You may have heard of two Armstrongs: the one known for cycling across France, the other for making Christ known across North America. I’ll let you guess which Armstrong interests me most. (No offense to Lance!)
Every Easter the North American Mission Board facilitates The Annie Armstrong Easter Offering, a collection of donations which provide support to Southern Baptist missionaries. This offering is named in honor of a woman who worked tirelessly to support missions around the world; we’re going to talk a little bit about her today.
Contemporaries described Annie as a “tall, stately, out-spoken, strong-willed leader” and called her efforts “indefatigable”. Throughout the course of her 88 years, Annie raised thousands upon thousands of dollars in the name of missions. She inaugurated the equally popular Lottie Moon Christmas Offering, led the Women’s Missionary Union among other organizations, and remained an active member of her local church.
Annie Armstrong was born smack in the middle of the 19th century, into the melee of the Civil War. She grew up in Baltimore, Maryland and professed Christ at the age of 19. At the local church level, Annie taught Primary Sunday School, children 12 and under, for a solid 50 years. It is said that Annie was inspired to missions by her pastor Richard Fuller and his passionate, but intelligent, preaching.
In her adult life, Annie began to amass great amounts of support for domestic and foreign missions by the letters she would write. Sources quote that in 1893 alone, she wrote almost 18,000 letters! In 1888 Annie became corresponding secretary – equivalent to an executive officer of today – of the Women’s Missionary Union. For 18 years she held this position and worked, with no pay, to raise prayer and support for missions. To strengthen the WMU, Annie fostered relationships with prominent leaders of Southern Baptists, including those at Southern Baptist Theological Seminary in Louisville, KY. Throughout life Annie was burdened for minorities, including Native Americans and blacks who were suffering the aftermath of slavery and war.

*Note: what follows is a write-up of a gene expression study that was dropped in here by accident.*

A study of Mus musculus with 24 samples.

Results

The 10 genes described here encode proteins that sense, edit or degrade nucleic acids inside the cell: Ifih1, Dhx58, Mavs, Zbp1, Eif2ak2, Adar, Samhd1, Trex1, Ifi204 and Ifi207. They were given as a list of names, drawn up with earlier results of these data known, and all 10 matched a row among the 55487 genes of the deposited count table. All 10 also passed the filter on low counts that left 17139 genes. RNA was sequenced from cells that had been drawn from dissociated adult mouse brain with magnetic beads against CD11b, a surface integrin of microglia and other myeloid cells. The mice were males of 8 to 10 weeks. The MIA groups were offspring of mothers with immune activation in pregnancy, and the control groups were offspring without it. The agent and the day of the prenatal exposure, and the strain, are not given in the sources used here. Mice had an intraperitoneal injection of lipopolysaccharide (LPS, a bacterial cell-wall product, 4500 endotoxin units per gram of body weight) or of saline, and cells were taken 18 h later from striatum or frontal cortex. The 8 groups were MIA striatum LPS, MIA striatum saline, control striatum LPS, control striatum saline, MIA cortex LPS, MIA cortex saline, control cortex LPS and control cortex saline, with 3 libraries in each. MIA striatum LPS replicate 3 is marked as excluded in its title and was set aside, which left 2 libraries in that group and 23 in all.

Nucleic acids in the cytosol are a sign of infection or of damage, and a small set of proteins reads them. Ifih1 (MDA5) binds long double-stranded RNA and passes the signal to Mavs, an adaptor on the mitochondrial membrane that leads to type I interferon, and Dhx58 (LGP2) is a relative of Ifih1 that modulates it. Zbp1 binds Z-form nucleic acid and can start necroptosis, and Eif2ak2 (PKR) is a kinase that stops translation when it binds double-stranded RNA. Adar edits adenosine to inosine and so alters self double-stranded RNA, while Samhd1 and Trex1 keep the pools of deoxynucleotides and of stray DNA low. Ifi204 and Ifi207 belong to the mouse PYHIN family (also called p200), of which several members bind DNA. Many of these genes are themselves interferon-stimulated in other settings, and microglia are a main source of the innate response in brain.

Biographers often use terms such as “tireless” and “self-starter” to describe this impressive woman’s pioneering spirit and bedrock faith. In just this light research I’ve done to learn about the name behind the offering, I have been impressed at the amount of concentrated effort Annie Armstrong poured into her missions work. Particularly, I thought of the impressive amount of social networking and constant communication that was executed well before the advent of Facebook. It seems to me that Annie Armstrong was a woman who invited the Holy Spirit to use her in mighty capacities. I suppose my closing thoughts would be a charge to all believers: when your eyes are fixed upon Jesus and hands are clutching the Gospel, our whole bodies will be mobilized to “Go and Tell”.